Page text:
So many projects are set up for failure right at the beginning. From that point on it’s a battle just to keep the project going. If the initial selection process had considered all the right factors and all the necessary financial and political support been obtained it would’ve greatly enhanced the chances of success for the project.
So how do you achieve this?
Well, there is always a pool of potential projects that you could do; these projects come from ideas, initiatives, opportunities and suggestions. They may all be great projects but you will probably find you have limited resources and need someone to choose only those ones with the greatest chances of success.
So first, make a list of all your potential projects you could do and apply the following steps.
Start by looking at your defined (and of course regularly updated), organisational strategy. Only choose those projects which align with and help deliver your strategy. Your strategy is a sure sign of your current and planned core competencies so choosing projects with align with it also ensure you have the ability and commitment to complete the project.
And don’t worry if you are simply too small an organisation to have to worry about things like governance and strategy (although you might be fooling yourself a little). Instead of thinking about your strategy, think instead about the things you are actually good at, and the things you actually want to do, and stick to those as your first step in choosing successful projects.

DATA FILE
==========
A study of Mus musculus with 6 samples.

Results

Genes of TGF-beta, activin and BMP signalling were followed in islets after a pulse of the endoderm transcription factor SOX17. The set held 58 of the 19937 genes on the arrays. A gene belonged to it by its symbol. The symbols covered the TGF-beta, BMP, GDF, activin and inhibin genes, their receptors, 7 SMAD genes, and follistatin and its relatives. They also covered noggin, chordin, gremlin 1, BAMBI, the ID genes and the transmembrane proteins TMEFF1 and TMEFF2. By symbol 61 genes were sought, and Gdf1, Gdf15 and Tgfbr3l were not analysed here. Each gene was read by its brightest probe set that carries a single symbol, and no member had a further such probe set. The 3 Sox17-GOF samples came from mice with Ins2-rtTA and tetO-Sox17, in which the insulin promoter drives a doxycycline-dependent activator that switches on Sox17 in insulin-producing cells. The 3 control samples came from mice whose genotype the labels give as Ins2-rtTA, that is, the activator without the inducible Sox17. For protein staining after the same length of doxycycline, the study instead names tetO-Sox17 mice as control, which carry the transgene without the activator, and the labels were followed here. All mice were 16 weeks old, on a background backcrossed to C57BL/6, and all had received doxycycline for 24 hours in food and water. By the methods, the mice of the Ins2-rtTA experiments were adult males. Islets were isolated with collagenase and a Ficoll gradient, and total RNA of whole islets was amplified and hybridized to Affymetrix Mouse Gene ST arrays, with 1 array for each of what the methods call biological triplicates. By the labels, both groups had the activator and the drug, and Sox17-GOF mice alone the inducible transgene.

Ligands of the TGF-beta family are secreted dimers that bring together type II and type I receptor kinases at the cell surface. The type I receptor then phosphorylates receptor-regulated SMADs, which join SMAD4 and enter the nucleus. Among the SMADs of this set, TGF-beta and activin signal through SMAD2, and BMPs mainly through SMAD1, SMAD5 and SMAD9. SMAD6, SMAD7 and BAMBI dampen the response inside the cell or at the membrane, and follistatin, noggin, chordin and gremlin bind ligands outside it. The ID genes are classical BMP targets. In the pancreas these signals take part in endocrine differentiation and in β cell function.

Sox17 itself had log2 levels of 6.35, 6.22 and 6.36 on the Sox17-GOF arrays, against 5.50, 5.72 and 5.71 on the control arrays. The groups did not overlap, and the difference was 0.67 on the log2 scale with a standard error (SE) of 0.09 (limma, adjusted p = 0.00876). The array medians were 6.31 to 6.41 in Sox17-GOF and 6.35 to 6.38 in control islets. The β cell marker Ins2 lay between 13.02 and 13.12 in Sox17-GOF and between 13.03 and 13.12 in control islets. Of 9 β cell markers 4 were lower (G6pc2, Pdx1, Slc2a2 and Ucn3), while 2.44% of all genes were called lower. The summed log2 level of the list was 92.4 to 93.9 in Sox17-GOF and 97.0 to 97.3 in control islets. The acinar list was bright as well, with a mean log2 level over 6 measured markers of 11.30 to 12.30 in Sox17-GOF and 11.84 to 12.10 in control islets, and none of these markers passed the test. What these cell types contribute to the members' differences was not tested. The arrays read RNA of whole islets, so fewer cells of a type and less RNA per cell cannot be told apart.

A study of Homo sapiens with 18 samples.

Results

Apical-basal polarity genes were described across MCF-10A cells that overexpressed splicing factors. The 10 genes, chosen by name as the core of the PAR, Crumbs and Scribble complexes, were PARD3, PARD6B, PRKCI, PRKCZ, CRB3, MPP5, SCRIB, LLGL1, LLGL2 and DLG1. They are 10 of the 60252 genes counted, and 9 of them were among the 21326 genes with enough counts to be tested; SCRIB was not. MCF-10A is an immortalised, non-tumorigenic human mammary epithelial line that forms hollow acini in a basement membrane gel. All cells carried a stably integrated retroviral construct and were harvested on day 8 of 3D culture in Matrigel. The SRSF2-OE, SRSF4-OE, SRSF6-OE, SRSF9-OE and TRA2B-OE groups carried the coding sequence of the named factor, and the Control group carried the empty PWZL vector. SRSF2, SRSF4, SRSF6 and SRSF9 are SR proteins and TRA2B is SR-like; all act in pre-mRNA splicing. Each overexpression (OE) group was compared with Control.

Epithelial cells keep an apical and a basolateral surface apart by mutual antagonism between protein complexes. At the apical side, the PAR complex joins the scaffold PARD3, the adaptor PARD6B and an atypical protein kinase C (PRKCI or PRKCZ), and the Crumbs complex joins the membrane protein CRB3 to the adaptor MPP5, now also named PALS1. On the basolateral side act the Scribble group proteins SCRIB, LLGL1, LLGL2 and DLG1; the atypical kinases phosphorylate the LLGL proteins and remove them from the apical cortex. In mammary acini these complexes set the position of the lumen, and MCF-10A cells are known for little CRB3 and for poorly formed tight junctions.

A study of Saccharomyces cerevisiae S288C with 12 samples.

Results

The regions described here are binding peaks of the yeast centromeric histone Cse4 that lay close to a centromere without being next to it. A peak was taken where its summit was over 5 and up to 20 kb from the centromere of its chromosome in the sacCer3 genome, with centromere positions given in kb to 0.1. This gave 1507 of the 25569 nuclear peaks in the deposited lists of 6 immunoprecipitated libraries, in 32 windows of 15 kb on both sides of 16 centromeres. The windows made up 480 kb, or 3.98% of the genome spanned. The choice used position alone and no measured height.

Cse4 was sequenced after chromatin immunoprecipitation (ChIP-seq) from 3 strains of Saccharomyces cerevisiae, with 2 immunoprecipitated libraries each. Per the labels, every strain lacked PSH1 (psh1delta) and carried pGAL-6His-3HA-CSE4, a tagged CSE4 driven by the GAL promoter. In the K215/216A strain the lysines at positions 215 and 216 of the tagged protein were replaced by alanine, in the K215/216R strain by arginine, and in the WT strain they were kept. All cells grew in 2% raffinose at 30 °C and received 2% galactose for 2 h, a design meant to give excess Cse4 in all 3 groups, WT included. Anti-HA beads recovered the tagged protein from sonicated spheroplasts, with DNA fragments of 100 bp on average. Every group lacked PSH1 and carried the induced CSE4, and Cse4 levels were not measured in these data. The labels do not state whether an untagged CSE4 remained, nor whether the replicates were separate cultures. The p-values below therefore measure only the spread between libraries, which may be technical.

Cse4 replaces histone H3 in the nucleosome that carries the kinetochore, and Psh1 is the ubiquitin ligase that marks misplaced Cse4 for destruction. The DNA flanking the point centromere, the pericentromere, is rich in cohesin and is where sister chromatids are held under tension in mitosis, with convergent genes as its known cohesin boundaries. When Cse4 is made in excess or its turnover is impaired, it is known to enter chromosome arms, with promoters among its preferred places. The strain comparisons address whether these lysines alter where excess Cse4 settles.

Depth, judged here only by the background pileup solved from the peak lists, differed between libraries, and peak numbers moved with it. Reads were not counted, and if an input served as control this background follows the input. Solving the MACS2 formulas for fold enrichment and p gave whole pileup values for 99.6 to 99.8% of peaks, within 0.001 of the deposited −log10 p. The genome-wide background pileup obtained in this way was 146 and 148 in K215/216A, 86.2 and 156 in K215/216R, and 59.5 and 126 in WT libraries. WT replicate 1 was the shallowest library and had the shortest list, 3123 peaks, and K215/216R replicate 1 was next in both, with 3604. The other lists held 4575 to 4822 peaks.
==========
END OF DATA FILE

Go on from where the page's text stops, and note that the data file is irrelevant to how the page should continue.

Once you have put your projects through this first filter you can then choose either or both of the next two filters.
A financial filter sets certain financial expectations of a project and you simply do not do any projects which do not meet these criteria. You can choose criteria such as payback period, net present value (NPV), internal rate of return (IRR), or return on investment (ROI).
A second filter you can use is non-financial criteria such as environmental, health and safety, market share or new products.
Develop a simple checklist of criteria that all projects must go through using these suggestions and you will greatly increase the chances of project success.
The truth is that most project managers get handed projects assuming they have been through this process already. It would be great that if you can’t actually be involved in this process (and I firmly believe you should) then you at least take the time to check that your project has been through a selection process to make your job a lot easier.
In summary, only do those projects that you have the skills and competencies to do, don’t go after the quick buck and spend time establishing the financial and political support for the project before authorizing it.